To get accurate numbers, Stanford University scientists analyzed more than a billion high-resolution satellite images with a machine learning algorithm and identified nearly every solar power installation in the contiguous 48 states.
The results are described in a paper published in the Dec. 19 issue of Joule. The data are publicly available on the project’s website.
The analysis found 1.47 million installations, which is a much higher figure than either of the two widely recognized estimates. The scientists also integrated U.S. Census and other data with their solar catalog to identify factors leading to solar power adoption.
We can use recent advances in machine learning to know where all these assets are, which has been a huge question, and generate insights about where the grid is going and how we can help get it to a more beneficial place.
Ram Rajagopal, associate professor of civil and environmental engineering, who supervised the project with Arun Majumdar, professor of mechanical engineering.
Who goes solar
The group’s data could be useful to utilities, regulators, solar panel marketers and others. Knowing how many solar panels are in a neighborhood can help a local electric utility balance supply and demand, the key to reliability. The inventory highlights activators and impediments to solar deployment. For example, the researchers found that household income is very important, but only to a point. Above $150,000 a year, income quickly ceases to play much of a role in people’s decisions.
On the other hand, low- and medium-income households do not often install solar systems even when they live in areas where doing so would be profitable in the long term. For example, in areas with a lot of sunshine and relatively high electricity rates, utility bill savings would exceed the monthly cost of the equipment. The impediment for low- and medium-income households is upfront cost, the authors suspect.
To overlay socioeconomic factors, the team members used publicly available data for U.S. Census tracts. These tracts on average cover about 1,700 households each, about half the size of a ZIP code and about 4 percent of a typical U.S. county. They unearthed other nuggets. For example, once solar penetration reaches a certain level in a neighborhood it takes off, which is not surprising. But if a given neighborhood has a lot of income inequality, that activator often does not switch on. Using geographic data, the team also discovered a significant threshold of how much sunlight a given area needs to trigger adoption.
We found some insights, but it’s just the tip of the iceberg of what we think other researchers, utilities, solar developers and policymakers can further uncover.We are making this public so that others find solar deployment patterns, and build economic and behavioral models.
Finding the panels
The team trained the machine learning program, named DeepSolar, to identify solar panels by providing it about 370,000 images, each covering about 100 feet by 100 feet. Each image was labelled as either having or not having a solar panel present. From that, DeepSolar learned to identify features associated with solar panels – for example, color, texture and size.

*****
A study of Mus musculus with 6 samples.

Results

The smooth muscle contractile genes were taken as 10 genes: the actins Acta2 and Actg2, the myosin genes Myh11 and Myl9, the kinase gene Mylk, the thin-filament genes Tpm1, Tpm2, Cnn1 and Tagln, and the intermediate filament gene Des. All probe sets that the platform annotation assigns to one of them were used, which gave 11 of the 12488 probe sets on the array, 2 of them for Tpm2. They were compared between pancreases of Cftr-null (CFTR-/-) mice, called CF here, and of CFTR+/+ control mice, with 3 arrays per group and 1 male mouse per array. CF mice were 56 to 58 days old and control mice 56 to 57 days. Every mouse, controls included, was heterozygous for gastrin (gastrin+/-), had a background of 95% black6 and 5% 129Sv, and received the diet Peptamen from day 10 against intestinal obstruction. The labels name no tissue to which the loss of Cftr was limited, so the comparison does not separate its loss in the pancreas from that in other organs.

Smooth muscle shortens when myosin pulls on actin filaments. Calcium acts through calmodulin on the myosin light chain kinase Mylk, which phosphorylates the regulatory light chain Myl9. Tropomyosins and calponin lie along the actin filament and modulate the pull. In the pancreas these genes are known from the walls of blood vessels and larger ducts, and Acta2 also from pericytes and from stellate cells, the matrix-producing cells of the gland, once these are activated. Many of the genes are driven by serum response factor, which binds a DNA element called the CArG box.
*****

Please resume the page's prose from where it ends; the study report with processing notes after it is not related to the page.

“We don’t actually tell the machine which visual feature is important,” said Jiafan Yu, a doctoral candidate in electrical engineering who built the system with Zhecheng Wang, a doctoral candidate in civil and environmental engineering. “All of these need to be learned by the machine.”
Eventually, DeepSolar could correctly identify an image as containing solar panels 93 percent of the time and missed about 10 percent of images that did have solar installations. On both scores, DeepSolar is more accurate than previous models, the authors say in the report.
The group then had DeepSolar analyze the billion satellite images to find solar installations – work that would have taken existing technology years to complete. With some novel efficiencies, DeepSolar got the job done in a month.
The resulting database contains not only residential solar installations, but those on the roofs of businesses, as well as many large, utility-owned solar power plants. The scientists, however, had DeepSolar skip the most sparsely populated areas, because it is very likely that buildings in these rural areas either do not have solar panels, or they do but are not attached to the grid. The scientists estimated based on their data that 5 percent of residential and commercial solar installations exist in the areas not covered.
Advances in machine learning technology have been amazing. But off-the-shelf systems often need to be adapted to the specific project and that requires expertise in the project’s topic. Jiafan and I both focus on using the technology to enable renewable energy.
Moving forward, the researchers plan to expand the DeepSolar database to include solar installations in rural areas and in other countries with high-resolution satellite images. They also intend to add features to calculate a solar installation’s angle and orientation, which could accurately estimate its power generation. DeepSolar’s measure of size is for now only a proxy for potential output.
The group expects to update the U.S. database annually with new satellite images. The information could ultimately feed into efforts to optimize regional U.S. electricity systems, including Rajagopal and Yu’s project to help utilities visualize and analyze distributed energy resources.